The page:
Giving up on rural road improvement

That’s it. I’m done with waiting for our rural roads in Marion to get better without some form of radical change at the county government level. Roads are an important part of the infrastructure, the lifeblood, as it were, which determines the level of success within these borders. This “patient” is seriously ill and on life support, and nothing is being done to restore its health.

As it is, rumor has it that if anyone wants to provide clear examples of what one should not do, you only have to mention Marion County, and heads nod in agreement. I resent our county becoming the laughingstock and an embarrassment to those who call this home. We are certainly a cautionary tale, but it is time for a change, for the better.

More than a year ago, an ad hoc group of interested residents, farmers and business owners met to provide insight into the declining road and bridge conditions, while encouraging our county folks to develop short-term and longe range plans to bring roads up to adequate standards required for today’s agriculture and business needs. At the time, it seemed as though we were making some headways and were hopeful this would become a watershed moment for the better. With the advantage of 20-20 hindsight, that was too optimistic an assessment.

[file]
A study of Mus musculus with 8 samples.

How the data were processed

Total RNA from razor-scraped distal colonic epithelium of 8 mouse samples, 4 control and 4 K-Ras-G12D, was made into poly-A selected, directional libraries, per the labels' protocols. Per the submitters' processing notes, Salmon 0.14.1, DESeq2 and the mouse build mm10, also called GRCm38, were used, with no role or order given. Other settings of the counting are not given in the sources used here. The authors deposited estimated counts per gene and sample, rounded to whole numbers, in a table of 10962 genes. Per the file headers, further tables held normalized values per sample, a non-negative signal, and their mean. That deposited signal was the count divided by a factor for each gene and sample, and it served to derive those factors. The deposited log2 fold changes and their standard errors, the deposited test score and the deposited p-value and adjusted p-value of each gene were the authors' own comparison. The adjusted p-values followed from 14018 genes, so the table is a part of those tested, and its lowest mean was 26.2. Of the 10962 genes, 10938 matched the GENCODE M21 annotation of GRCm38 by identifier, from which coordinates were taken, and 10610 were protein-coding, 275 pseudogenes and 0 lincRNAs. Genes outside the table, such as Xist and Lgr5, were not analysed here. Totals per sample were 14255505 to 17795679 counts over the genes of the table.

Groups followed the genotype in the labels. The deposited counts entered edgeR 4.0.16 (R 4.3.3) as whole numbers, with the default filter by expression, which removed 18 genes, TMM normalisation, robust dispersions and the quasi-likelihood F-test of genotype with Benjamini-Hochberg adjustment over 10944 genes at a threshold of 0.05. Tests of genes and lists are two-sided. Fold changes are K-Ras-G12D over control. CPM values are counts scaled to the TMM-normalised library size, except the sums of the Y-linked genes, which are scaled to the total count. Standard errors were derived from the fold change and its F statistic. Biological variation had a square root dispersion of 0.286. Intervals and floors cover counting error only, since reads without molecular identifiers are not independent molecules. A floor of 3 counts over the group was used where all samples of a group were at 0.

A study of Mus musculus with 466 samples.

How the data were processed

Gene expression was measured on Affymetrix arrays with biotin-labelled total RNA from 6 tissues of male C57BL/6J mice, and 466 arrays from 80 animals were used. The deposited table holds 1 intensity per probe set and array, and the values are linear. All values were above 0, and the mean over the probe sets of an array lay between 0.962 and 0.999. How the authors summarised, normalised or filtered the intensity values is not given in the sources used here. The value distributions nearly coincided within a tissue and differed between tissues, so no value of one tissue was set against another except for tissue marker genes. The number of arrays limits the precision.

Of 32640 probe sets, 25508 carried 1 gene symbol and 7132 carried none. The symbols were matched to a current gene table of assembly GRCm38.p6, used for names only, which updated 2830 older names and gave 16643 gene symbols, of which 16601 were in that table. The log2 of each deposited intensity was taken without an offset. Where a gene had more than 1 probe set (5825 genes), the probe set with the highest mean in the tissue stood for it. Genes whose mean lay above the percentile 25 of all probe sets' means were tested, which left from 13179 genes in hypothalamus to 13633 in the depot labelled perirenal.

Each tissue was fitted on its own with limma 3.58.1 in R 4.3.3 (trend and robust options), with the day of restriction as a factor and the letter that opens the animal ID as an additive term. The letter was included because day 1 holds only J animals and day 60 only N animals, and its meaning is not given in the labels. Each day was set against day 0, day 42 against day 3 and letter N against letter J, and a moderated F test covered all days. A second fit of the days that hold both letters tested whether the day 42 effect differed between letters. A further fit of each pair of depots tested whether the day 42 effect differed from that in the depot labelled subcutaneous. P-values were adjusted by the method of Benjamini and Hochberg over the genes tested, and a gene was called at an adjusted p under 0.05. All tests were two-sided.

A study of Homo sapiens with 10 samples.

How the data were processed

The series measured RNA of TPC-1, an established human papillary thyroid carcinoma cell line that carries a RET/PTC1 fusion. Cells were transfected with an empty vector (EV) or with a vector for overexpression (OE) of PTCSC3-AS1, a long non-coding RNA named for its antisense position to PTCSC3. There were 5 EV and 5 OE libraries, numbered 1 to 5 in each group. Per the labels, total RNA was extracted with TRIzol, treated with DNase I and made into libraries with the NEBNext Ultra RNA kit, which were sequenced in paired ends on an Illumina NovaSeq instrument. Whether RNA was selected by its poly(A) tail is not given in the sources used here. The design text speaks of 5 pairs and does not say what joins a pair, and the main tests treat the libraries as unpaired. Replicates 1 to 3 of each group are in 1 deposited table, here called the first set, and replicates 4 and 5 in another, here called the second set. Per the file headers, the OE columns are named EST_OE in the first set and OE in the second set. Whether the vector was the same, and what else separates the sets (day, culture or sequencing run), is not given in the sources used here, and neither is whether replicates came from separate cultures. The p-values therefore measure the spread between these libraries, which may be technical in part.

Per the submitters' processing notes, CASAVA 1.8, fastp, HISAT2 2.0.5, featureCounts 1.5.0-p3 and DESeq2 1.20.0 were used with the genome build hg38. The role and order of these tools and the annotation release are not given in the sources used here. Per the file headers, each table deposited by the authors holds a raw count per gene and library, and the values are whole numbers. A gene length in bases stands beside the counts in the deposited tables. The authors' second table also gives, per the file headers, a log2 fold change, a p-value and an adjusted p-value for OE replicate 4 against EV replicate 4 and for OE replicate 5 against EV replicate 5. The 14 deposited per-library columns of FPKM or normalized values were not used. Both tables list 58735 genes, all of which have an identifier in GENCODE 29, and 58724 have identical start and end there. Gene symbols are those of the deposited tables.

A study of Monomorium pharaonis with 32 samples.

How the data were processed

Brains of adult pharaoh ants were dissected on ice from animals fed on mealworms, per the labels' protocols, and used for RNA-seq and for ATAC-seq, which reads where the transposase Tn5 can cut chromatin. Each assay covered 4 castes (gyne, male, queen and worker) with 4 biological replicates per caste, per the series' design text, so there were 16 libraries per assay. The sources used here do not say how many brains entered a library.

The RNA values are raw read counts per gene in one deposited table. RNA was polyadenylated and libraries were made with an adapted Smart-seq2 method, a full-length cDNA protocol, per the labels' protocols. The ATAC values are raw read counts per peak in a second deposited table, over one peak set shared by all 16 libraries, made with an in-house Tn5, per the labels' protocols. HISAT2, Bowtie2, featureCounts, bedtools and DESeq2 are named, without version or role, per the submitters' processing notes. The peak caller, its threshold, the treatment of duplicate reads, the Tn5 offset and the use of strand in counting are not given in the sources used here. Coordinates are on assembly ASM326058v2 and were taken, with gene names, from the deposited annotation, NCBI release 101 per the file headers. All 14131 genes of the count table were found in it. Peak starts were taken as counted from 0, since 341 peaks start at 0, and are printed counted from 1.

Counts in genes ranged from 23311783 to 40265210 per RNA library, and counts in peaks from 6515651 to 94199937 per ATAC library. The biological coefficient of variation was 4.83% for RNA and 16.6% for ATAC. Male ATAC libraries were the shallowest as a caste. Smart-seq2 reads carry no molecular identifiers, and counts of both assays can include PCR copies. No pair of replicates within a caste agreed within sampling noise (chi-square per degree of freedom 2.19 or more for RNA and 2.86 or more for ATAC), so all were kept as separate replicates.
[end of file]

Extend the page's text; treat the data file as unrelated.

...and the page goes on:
Since then, very little improvement is observable on our road conditions, not to mention, no action has been made with a strategic plan outlining the approach which the taxpayer can decipher, understand and support. Unfortunately, those earlier meetings have been an exercise in futility, only adding to our increasing frustration and anger about the problem. As taxpayers, our hard earned dollars are draining down a rat hole.

Former baseball great, Yogi Bera, was right. You can learn a lot just by watching. I not only farm in Marion county, but also in Dickinson county and have land near the border of McPherson county. The rumors regarding our poor roads are well founded. They are based on sound observations.

Last week, I embarked on a nearly 500 mile excursion through the state, beginning at home and crisscrossing through central and western Kansas, before exiting through the north central region. Road conditions are easily determined with simple observations. Rarely did I observe road conditions which were worse than ours.

The time has come for rural landowners and residents to expect more from those hard earned dollars and how they are used. The time has come for action to develop a strategic plan to address the sad state of our roads. The time has come to expect greater accountability of the folks who direct the day-to-day work and to communicate that strategic plan to employees for effective action. The time has come to deliberate and take action regarding the organizational structure of our county government to improve decision-making within the organization, and to improve communications with the people it serves. They deserve better.